UHERO forecast: State faces headwinds, Maui recovery is ongoing : Maui Now


While economic fallout from the Maui wildfires has been somewhat smaller than feared, the rebuilding path will be long, according to a new report from the University of Hawaiʻi Economic Research Organization.

The UHERO fourth quarter forecast for 2023, calls for “considerable uncertainties” about how rebuilding on Maui will proceed.

“There remain a host of uncertainties surrounding Maui’s future recovery path, including how fast residents can be moved from hotels to more permanent housing, the speed of ongoing cleanup work, the extent and duration of support programs, and how long and in what fashion rebuilding will occur,” according to the UHERO forecast.

The report notes that Maui visitor industry has been recovering faster than we anticipated, and visitors to the rest of the state have reached record levels. Recovery from the Japan market is taking longer, partly due to a very weak yen, leaving Hawaiʻi’s dependence on the US market unusually high, according to the forecast.


The UHERO report indicates that statewide payroll employment was rising at a “modest pace” this year, before being pulled down in the aftermath of the Maui wildfires.

“On Maui, there has been a more rapid than expected partial employment recovery, as some displaced workers have found alternative jobs in recovery or other work. Some have left the Island,” according to the report. Overall, the forecast expects Hawaiʻi job growth of about 1% next year. Very slow population growth will mean only incremental trend job growth thereafter.

UHERO reports that the total number of visitors to Hawaiʻi will be essentially flat in 2024, before returning to moderate growth in 2025.

Statewide, Hawaiʻi’s economy has been resilient in the face of weakening US and global economies, high interest rates and the slower return of Japanese travelers.


The UHERO report notes that deceleration in key visitor markets will produce slower growth in 2024; but, absent a US recession, moderate gains will resume in 2025.

Key takeaways from the Dec. 15 report include the following:

  • The US has outperformed most advanced economies this year. High interest rates have weighed on investment, and the labor market has softened. Robust consumer spending will slow as excess savings dwindle, helping to bring inflation into the Fed’s target range and achieve a “soft landing” 1.1% growth next year.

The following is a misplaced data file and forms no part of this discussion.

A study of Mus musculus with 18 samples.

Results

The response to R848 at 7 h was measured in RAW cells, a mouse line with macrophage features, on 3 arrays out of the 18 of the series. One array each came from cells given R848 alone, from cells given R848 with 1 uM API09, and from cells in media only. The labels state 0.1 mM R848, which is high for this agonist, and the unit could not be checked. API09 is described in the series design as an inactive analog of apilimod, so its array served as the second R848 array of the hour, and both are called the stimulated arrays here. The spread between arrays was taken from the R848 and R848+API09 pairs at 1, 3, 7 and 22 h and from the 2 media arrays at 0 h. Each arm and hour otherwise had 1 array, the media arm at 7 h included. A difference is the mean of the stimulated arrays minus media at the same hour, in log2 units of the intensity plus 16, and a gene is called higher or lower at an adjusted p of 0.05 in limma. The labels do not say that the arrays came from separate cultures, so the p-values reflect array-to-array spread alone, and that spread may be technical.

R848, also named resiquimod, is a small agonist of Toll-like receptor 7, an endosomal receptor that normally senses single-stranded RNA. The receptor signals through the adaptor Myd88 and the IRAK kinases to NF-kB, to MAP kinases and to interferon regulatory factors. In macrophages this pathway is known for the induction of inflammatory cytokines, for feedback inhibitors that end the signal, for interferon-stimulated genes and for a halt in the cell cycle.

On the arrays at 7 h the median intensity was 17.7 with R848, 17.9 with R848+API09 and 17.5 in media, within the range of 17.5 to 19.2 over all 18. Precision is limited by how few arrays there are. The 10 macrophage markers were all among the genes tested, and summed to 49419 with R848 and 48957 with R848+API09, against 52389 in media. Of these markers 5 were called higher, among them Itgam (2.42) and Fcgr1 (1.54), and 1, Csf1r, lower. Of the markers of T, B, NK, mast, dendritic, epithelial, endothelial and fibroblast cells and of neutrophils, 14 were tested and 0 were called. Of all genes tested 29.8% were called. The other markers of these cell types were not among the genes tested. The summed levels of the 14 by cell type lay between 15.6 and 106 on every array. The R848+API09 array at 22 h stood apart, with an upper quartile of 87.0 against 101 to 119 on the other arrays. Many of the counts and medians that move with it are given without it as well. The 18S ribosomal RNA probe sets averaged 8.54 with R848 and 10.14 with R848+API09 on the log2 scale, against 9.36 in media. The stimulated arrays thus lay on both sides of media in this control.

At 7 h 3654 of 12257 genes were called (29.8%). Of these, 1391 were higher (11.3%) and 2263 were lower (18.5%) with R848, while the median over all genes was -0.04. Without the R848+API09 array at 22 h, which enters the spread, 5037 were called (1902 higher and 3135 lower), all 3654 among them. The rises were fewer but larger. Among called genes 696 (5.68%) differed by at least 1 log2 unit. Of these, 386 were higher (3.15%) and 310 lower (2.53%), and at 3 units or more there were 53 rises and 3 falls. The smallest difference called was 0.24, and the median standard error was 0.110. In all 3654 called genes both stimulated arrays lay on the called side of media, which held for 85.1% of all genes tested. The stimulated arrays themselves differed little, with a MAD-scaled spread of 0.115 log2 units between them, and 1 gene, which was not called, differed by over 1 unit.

• Canada and Japan’s real gross domestic product contracted in the third quarter. The US slowdown will restrain Canada’s economy, while Japan’s move toward tighter monetary conditions to combat inflation will ease pressure on the yen. Australia’s inflation fight is proving difficult, and its exports have been weak as China deals with a property market meltdown. Global growth in 2024 will be similar to this year’s tepid 3% pace.
  • Visitor spending has been fairly soft this year, primarily due to the disruption of high priced Maui tourism. Spending has risen on Kauaʻi and Hawaiʻi Island, as some travelers have substituted vacations on these islands. The weak yen is weighing on spending on Oʻahu, which has dipped below its pre-COVID peak. Overall real visitor spending will drop in 2024 and firm thereafter.
  • Consumer price inflation has receded from its March 2022 7.5% peak. Feedthrough of higher housing costs will keep inflation in the 3–3.5% range for the next year, before a slow downward trend resumes. Incomes have been battered by inflation, but are now above pre-pandemic levels in real terms, and they will grow at a roughly 2% annual pace. Real gross domestic product will slow below 2% in 2024, before picking up in 2025.
  • The home resale market is suffering from high mortgage rates, high prices, and a lack of inventory by homeowners reluctant to give up low interest rates. Maui rebuilding will drive further expansion of an already hot Hawaiʻi construction industry. Getting—and housing—the needed workers will be a challenge.

“While Maui’s recovery remains top of mind, the state as a whole has continued to grow at a moderate pace, and only gradual slowing is expected,” the UHERO forecast said. “But, as always, Hawaiʻi is somewhat at the mercy of conditions beyond our shores. A sharper slowdown or recession in the US mainland would mean a sharper slowdown in Hawaiʻi in 2024–25.”

UHERO is housed in UH Mānoa’s College of Social Sciences.


UHERO Executive Director Carl Bonham provides a summary of UHERO’s 2023 fourth quarter forecast in this episode of “UHERO Focus.”

The UHERO forecast says ongoing recovery of international markets will help to offset near-term US market weakness.

“We have noted above the relatively weak global conditions and currencies that are weighing on many overseas markets. International average daily census, which is influenced by the length of visitor stays in the Islands, has retreated slightly this year. Among our major markets, the Japanese and Korean currencies have fallen the most,” according to the forecast.

The UHERO report explains: “Once the Fed turns the corner on this tightening cycle, we expect these currencies to strengthen against the dollar. This will support the ongoing recovery of international markets, even as the weaker global economy continues to provide headwinds. Overall, we see further gradual recovery of many international markets over the next several years, bringing the total number of arrivals from markets other than the US and Japan back to roughly their 2019 level by the end of the decade.”

Read the entire UHERO forecast HERE.